On Thursday the September 18 2014, 55.3% of the Scottish population for Scotland to remain as part of the UK. ‘No’ voters were told that this would ensure a stability that an independent Scotland would otherwise threaten.
However, less than two years later, a UK wide vote saw that instability was to be part of Scotland’s future anyway, as an even slimmer majority of 51.9% of Britain voted we leave the EU. This was despite an overwhelming 62% of Scottish voters voting ‘remain.’
Since then, the debate over Scottish independence has kicked up with a new fervour. More and more Scots are demanding a second referendum, stating that the circumstances call for a change of mind.
Former SNP depute leader, Angus Robertson, hopes to spur this referendum on. In his latest move, Robertson has been at the forefront of the organisation Progress Scotland which as stated in the website “aims to help prepare the case for Scotland to progress towards independence, keeping pace with the views of the people who make their lives here.”
In a recent radio interview, Robertson said that “regardless if people’s views on the timing, I think everybody would agree we need to be best prepared for whenever it happens.”
Progress Scotland seeks to collect data and the opinions of the Scottish people, in order to best represent the change that the Scottish people want to see if Scotland were to achieve independence.
Robertson also added that following the Brexit referendum, people were searching for a “better alternative.” He believes that an independent Scotland provides the answer.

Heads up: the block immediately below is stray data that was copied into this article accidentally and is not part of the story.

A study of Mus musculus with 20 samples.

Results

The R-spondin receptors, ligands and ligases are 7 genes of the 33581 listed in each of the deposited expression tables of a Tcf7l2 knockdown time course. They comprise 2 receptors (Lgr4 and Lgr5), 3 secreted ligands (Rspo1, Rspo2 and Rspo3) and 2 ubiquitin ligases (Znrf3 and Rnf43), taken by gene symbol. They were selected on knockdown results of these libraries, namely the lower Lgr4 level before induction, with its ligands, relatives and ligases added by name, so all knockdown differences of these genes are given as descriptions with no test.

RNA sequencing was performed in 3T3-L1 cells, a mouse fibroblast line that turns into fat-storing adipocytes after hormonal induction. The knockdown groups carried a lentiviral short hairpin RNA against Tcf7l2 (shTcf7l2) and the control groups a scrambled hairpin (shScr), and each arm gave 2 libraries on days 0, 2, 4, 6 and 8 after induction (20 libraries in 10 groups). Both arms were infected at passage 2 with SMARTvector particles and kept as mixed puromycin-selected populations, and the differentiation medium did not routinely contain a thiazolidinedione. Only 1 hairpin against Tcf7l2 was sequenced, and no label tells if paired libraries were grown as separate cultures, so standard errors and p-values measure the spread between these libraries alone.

Mark Diffley, the man in charge of polling and research for Progress Scotland wrote on Twitter that he was “delighted to be working with Angus, a hugely respected figure across the political spectrum. My role is to make the research rigorous, objective and high quality and I will ensure my input has that focus. This is about understanding what people think and how views are changing.”
As First Minister, Nicola Sturgeon put it in a recent speech she gave at Georgetown University, the need for a second referendum “has only got stronger through the experience of Brexit.”
She emphasised her wish that an independent Scotland would become a “country that then seeks to play its part in an interconnected world. And that is a vision that I think more and more people in Scotland, in the wake of the Brexit experience, find very attractive.”
Only time will tell what Brexit has in store for the UK. Potentially, an independent Scotland.